Counting Full Time Equivalencies is NOT a single activity, but rather a process. The process consists of many steps and activities that you will perform over a period of time. The process also incorporates your overall knowledge of the FTE Process.
How to do it.
Notice that the formula calls for total enrolled hours, not hours per class or hours per day. This is a significant distinction that some ISD auditors seem to forget.
There are minor differences between Pupil Full Time Equivalencies and Participant Full Time Equivalencies. Let's start with Participants (adults 20 and older). A full-time Participant is one who is enrolled for 450 hours of instruction per enrollment period. An enrollment period is considered to be 10 to 20 weeks in length and encompasses one of the four "Official" count dates. More about counting Participants.
Let's take the example of Joe Bloe who is an ABE student in your program. He is signed up for an ABE class that meets Monday and Wednesday evening from 6:00 to 9:30 pm and your fall semester runs for 18 teaching weeks. First we see that the class is scheduled for two meetings per week, of 3 and 1/2 hours per meeting for 18 weeks. Here is the math: ( 2 x 3.5 ) x 18 = 126 scheduled hours. Now let' plug this into the formula:
Joe has been calculated to be worth 0.28 of an FTE. If Joe took another class just like this one, say on Tuesday and Thursday evening, how much could he be worth? Now he would be enrolled for 252 hours, which divided by 450 hours equals 0.56 FTE or just a little over a half.
Adults, or Participants if you prefer, are really easy to calculate. Hours enrolled divided by 450 per enrollment period. Theoretically it would be possible and legal for an adult to generate up to four FTEs in one year. The maximum FTE per enrollment period is 1.00, but you could run four enrollment periods in one year. Now, whether they can actually be counted is entirely up to their attendance pattern. We will get to that in a little bit.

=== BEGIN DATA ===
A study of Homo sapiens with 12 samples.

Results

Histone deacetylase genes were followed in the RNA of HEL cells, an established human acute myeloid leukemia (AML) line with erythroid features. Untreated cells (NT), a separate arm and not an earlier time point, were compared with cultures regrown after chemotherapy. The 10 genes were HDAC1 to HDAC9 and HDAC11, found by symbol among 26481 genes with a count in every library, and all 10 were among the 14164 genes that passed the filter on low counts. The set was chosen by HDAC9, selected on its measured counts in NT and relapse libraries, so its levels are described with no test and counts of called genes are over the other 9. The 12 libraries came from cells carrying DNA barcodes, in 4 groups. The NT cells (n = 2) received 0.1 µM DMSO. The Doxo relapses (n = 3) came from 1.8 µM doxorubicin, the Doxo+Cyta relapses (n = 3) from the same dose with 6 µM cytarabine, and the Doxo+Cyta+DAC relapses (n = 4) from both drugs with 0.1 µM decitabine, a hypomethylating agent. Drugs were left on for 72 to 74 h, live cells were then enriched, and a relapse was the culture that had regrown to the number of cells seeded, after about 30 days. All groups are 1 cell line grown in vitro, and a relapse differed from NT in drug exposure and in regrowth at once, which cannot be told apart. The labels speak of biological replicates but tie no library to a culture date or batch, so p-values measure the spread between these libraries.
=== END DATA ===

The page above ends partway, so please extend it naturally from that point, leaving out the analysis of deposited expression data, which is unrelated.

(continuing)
Pupils, youngsters, kids, under 20 or whatever you want to call them, we'll call them pupils, are another story. Still basically simple but with two added caveats. Pupils are calculated on essentially the same formula, but their denominator is for the whole academic year, not just an enrollment period. Here's what we mean. Let's take little Suzie Dimplface. She is an alternative student enrolled in your program for five classes. Each class meets once a day for one and a quarter hours per meeting for five days a week for the 18 week semester. School is closed on Thanksgiving and the day after and you are not going to make up those days. More about counting Pupils.
Let's see, 5 classes times 1.25 hours is 6.25 hours per day times 5 days per week is 31.25 hours per week times 18 weeks is 562.5 hours per semester divided by 1098 Full Time Hours equals 0.51 FTE and there are two semesters in one academic year, so times two for the whole year equals 1.02. We can't go over one FTE so we cap the annual FTE at one.
But wait a minute! Didn't we say you were not going to make up those two days? That would change the total hours, so let's look at the math in a little different manner. This time we will first figure out how many days the class will meet. Five days a week times 18 weeks is 90 meetings minus the two days not made up is 88 total meeting days times 1.25 hours per meeting is 110 hours times five classes is 550 total hours for the semester.
Since pupils are calculated on the whole academic year, we can assume/pretend that our little pupil will enroll for the same number of hours in the Winter semester so we can do one of three things, depending on whatever you depend on. We can simply double the 0.50 FTE to become 1.00, or we can double the enrolled hours to become 1,100 which divided by 1098 equals 1.0018214 which rounded to two decimals equals 1.00 FTE, or we can divide the Full Time Hours by two (half year remember) to become 549. Then our formula becomes
So what it comes down to is our simple formula
We said there were two little caveats or gotchas' with pupils. When your ISD and other un-named folks get ahold of your FTE report, they take 80% of this fall's FTE value and 20% of last February's FTE vale and add them together to derive a year's worth of FTE. Which year?